Had a primo seat on the bus today, and was enjoying my space and my sports page when I noticed an overweight woman get on. She scanned the bus, saw that there were no seats left, and picked me to stand over and sigh exaggeratedly at. Great.
Normally, I give up my seat as often as the next guy, but I was so comfortable and I had a heavy backpack and was wearing tight shoes. Why am I always the one who gives up his seat? Let that dude over there with the big hair give up his. And something about the woman’s intrinsic grumpiness rubbed me the wrong way—screw her for making me feel guilty—so I ignored her and turned up my iPod. The music sounded good.
A moment later, the Dude Over There With The Big Hair, a guy about my age, stood up, tapped the woman on the shoulder, and gestured grandly toward his seat. I hated him more than her. “Thank you,” the woman said with a warm smile, and eased herself down into the empty seat.
Relief washed over me—not my problem anymore—and I returned to my newspaper. But there was something about the arduous way the woman moved her body that was nagging at me. I couldn’t put my finger on it, but it seemed . . . familiar.
Two songs later, it hit me. The woman wasn’t fat. She wasn’t lazy. She was pregnant. And probably about as far along as Sarah was.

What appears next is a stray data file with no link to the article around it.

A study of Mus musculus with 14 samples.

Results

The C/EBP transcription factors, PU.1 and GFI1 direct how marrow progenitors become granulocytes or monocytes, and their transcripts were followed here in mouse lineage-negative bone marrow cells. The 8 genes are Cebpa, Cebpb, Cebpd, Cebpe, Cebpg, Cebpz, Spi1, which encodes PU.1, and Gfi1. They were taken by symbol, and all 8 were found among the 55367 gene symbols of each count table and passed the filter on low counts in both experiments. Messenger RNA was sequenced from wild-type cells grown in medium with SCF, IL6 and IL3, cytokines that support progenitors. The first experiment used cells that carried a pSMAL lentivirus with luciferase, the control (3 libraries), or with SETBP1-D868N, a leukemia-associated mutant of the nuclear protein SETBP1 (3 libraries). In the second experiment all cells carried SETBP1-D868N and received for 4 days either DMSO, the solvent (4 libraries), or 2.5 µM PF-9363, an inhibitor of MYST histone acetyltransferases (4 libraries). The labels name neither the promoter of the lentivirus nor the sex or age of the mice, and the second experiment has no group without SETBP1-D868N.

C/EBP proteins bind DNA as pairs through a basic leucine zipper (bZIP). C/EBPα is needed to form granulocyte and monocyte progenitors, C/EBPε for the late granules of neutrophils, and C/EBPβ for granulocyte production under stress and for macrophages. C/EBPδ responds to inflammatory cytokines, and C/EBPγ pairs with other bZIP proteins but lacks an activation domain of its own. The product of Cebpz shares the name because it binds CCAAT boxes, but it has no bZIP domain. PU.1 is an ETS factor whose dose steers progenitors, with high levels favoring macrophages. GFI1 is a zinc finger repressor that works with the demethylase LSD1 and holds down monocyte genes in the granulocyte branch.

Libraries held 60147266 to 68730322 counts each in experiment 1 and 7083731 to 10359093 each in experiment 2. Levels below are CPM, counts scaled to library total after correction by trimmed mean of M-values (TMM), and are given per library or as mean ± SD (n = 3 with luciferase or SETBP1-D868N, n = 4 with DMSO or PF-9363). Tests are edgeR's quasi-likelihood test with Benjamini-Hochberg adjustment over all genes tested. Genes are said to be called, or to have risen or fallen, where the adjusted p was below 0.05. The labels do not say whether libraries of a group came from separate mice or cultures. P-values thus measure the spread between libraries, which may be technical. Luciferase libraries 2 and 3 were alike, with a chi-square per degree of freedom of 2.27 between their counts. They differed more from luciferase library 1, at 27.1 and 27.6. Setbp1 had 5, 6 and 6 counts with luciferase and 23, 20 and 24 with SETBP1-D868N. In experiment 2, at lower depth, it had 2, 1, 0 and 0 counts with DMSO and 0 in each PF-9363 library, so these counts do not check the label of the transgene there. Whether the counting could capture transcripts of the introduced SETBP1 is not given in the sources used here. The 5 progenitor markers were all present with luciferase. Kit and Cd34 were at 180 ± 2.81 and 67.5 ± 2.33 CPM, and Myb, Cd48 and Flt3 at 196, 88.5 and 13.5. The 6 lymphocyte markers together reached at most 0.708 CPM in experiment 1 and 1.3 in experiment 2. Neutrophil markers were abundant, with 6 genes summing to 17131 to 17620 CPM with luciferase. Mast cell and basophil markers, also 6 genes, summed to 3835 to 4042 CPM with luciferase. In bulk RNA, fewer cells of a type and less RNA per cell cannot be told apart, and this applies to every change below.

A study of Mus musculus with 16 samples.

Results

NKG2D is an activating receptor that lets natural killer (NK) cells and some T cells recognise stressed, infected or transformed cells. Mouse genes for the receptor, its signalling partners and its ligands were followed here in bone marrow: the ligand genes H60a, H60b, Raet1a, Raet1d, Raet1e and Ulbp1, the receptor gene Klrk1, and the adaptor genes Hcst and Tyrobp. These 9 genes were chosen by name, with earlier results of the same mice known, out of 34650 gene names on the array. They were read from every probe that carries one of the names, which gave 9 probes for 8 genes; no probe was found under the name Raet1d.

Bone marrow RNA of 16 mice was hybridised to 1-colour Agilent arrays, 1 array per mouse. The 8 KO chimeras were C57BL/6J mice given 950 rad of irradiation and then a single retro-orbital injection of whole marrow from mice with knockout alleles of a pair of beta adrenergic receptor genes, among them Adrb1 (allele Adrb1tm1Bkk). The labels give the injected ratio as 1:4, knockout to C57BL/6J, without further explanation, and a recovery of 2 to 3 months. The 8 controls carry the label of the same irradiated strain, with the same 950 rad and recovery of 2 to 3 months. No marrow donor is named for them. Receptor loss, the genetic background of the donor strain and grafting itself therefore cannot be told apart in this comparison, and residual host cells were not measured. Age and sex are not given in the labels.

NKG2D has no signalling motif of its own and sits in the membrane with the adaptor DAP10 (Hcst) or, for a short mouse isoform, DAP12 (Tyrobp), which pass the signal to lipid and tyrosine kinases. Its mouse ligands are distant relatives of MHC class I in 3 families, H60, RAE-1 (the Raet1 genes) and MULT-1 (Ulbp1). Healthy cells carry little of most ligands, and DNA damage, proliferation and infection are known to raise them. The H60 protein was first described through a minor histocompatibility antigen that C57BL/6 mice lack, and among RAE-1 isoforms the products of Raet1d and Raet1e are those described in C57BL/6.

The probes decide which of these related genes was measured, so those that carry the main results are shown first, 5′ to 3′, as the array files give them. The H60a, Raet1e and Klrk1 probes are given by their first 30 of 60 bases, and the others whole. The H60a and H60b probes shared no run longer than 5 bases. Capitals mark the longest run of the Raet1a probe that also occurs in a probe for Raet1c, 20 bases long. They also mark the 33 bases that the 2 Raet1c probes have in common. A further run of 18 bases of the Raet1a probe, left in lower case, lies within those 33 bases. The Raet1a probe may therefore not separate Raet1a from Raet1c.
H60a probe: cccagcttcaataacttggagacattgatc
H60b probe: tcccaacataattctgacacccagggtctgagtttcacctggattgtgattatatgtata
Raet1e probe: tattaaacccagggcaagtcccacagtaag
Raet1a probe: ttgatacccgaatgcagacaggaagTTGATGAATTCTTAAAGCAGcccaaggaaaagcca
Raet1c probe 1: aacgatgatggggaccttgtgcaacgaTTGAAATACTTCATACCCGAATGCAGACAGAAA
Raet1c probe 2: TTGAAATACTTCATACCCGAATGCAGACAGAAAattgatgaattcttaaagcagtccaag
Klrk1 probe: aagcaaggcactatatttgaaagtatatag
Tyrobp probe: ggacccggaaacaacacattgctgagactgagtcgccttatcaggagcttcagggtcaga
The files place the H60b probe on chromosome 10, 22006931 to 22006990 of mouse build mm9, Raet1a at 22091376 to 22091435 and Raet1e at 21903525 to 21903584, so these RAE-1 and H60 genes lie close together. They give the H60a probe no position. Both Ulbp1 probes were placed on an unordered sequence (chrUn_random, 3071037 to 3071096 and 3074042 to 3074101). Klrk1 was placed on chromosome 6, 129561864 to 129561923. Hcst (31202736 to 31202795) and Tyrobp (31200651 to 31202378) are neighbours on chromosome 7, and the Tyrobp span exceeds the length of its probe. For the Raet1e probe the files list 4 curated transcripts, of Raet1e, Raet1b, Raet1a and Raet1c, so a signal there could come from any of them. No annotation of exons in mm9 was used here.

More than anything, I wanted the last ten minutes back so I could be the gentleman, rather than what I have recently begun to fear I am: an urban asshole. I considered talking to the woman about pregnancy, but didn’t know where to start. Besides, she already hated me. Then my legs felt so guilty they decided to stand up even though it was already too late, but that didn’t make sense, so I sat back down and decided to hate myself instead.After fifteen interminable minutes, I slinked off the bus, at the corner of Shame and Disgrace. I suppose I had known all along, deep down, that the woman wasn’t really obese, and yet, I still didn’t get up. I certainly won’t be telling Sarah about this episode.